Whether you’ve designated a nook as your home office or have his-and-her office wings in your estate, there’s probably some semblance of a work portal generating a lot of waste in your abode. Here’s a four-part strategy to cut the trash, pollution and wasted resources generated by your home office.
Start trusting technology: print less
Are all those paper files really necessary? If you’re still printing out e-mails and other documents just to be safe, consider developing an effective filing system on your computer and backing up your files regularly. Your documents and the tress will be safe and, as an added bonus, your office will be less cluttered.
A little effort goes a long way: DIY recycling
For those documents you do need to print, do they really need to be on brand new paper? Save some trees and money by keeping your printer loaded with paper that is already printed on one side. When you do need to print something on new paper, you can make the change for just that document.
With a little research you can also refill and/or recycle your printer’s ink cartridges. Refilling is the greenest option. You can refill a cartridge five to seven times before you’ll need to recycle the cartridge and get a new one. However, some printers do not recognize refilled cartridges, so test this before you start refilling all your cartridges at once.
When you are ready to recycle, visit earth911 to find the best options near you. These may include stores like Walgreens or office supply stores, along with the US Post Office, which now offers a mail-back program to reduce e-waste going to the landfills. Also check with the cartridge manufacturer: HP lets you return cartridges by mail or to Staples stores for recycling. Lexmark offers added incentives with two free cartridges when you buy five and return five empty ones.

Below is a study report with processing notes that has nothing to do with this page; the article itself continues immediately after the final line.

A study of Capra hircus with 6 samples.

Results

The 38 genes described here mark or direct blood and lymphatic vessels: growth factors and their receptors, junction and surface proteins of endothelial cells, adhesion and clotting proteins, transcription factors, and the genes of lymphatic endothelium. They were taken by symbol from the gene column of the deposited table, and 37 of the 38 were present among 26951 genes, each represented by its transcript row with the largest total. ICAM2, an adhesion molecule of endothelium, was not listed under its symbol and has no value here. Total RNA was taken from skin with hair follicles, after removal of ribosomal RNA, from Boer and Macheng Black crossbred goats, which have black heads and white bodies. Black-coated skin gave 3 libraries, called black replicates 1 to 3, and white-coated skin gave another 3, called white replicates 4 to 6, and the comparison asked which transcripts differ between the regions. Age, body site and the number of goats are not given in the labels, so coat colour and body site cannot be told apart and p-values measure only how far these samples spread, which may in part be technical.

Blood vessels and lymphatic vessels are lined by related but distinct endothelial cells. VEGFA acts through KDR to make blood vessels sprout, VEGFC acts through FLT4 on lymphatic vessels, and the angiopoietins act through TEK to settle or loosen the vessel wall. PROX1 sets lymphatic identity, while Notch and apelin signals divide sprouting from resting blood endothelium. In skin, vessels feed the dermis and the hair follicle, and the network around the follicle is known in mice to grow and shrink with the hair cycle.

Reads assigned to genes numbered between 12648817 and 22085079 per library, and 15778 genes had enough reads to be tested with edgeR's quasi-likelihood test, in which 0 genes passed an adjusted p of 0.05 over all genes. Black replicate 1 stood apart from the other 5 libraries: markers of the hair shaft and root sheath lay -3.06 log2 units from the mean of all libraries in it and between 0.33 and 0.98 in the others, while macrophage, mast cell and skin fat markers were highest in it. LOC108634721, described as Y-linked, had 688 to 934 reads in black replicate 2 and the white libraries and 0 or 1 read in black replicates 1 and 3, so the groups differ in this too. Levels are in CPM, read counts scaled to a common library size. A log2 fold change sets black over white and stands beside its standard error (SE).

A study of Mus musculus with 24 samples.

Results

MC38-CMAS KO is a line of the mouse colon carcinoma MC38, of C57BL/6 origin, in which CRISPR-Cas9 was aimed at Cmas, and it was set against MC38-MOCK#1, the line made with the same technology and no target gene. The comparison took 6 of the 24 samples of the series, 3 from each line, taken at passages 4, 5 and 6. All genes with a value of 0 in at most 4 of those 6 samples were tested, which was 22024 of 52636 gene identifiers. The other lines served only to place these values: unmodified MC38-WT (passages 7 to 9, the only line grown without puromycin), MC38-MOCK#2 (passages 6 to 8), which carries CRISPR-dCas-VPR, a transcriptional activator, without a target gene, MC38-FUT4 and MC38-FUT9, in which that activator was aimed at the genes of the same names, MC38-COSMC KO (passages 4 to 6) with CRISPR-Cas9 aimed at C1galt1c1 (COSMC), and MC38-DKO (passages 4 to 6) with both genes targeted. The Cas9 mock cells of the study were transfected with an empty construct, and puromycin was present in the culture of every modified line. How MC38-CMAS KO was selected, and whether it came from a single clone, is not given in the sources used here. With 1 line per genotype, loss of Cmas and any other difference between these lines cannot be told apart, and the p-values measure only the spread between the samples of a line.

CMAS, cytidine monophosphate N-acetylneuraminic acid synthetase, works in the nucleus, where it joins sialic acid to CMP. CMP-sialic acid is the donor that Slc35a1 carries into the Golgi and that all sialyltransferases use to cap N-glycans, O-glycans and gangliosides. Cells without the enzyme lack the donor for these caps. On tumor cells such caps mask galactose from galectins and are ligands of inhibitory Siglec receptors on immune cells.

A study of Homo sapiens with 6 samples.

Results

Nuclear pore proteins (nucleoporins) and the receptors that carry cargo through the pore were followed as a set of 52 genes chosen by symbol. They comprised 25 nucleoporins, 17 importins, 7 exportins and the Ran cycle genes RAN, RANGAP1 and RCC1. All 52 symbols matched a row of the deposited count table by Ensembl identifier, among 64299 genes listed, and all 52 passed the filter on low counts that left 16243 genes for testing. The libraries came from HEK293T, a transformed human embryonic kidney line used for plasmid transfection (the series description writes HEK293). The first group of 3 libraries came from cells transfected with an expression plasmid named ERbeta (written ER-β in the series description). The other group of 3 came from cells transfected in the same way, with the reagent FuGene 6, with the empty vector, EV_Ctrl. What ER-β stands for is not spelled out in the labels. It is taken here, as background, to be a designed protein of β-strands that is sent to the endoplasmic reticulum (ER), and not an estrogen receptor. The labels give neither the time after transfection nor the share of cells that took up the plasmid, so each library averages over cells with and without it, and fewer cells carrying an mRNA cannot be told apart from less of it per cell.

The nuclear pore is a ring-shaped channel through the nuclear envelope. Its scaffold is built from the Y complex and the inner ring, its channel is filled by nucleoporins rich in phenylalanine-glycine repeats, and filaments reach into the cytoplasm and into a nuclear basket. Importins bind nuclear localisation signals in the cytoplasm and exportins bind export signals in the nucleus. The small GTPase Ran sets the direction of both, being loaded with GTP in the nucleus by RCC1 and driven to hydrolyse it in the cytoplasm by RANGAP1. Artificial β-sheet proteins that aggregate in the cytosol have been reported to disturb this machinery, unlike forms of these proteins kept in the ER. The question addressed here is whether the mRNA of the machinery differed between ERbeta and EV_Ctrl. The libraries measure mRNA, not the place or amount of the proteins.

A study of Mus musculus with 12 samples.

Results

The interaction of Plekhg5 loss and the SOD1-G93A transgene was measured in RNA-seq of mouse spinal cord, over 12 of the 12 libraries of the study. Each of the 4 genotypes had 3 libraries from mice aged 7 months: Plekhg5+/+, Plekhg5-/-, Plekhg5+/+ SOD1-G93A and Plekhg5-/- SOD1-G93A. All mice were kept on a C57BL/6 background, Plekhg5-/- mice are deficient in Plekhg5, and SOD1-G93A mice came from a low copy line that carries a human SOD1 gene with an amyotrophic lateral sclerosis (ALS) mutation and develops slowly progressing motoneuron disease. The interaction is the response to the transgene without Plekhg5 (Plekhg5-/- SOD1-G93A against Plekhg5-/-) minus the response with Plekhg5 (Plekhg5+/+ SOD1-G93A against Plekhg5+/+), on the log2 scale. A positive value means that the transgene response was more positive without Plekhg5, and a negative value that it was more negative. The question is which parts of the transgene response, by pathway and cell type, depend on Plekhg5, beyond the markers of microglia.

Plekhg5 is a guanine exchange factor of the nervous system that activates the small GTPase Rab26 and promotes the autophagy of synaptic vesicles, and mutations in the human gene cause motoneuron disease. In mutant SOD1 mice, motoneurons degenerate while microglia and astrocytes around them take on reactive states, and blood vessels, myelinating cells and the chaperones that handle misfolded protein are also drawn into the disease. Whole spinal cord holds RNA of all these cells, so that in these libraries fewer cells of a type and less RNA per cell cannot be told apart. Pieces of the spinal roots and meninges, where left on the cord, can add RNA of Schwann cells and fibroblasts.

Give a hoot…
Some of the waste produced in your office isn’t going to the landfill but into your airways. Office supplies such as ink cartridges, non-water-based permanent marker, adhesives, correction fluid and some craft supplies release toxins into the air you’re breathing. Keep these products stored in a closed cabinet and look for less toxic replacements when you run out.
Another waste stream generated by your office is most noticeable in your energy bill. If you’re in the market, you can research Energy Star-rated computers, printers, copiers, monitors and more here. Otherwise, be sure to turn off your electronics when you’re not using them.
When it’s time to replace your electronic office equipment, you can do so responsibly. The heavy metals and other materials they contain are hazardous waste and should not be dumped in the landfill. First check with the manufacturer to see if they have a take-back program. Or go to earth911 to find e-waste options in your area.
By taking these simple steps, you’ll be well on your way to creating a waste-free home office and you’ll save some money in the process!
Kimberly Delaney is the author of Clean Home, Green Home: The Complete Illustrated Guide to Eco-Friendly Homekeeping, published by the Knack imprint of Globe Pequot Press.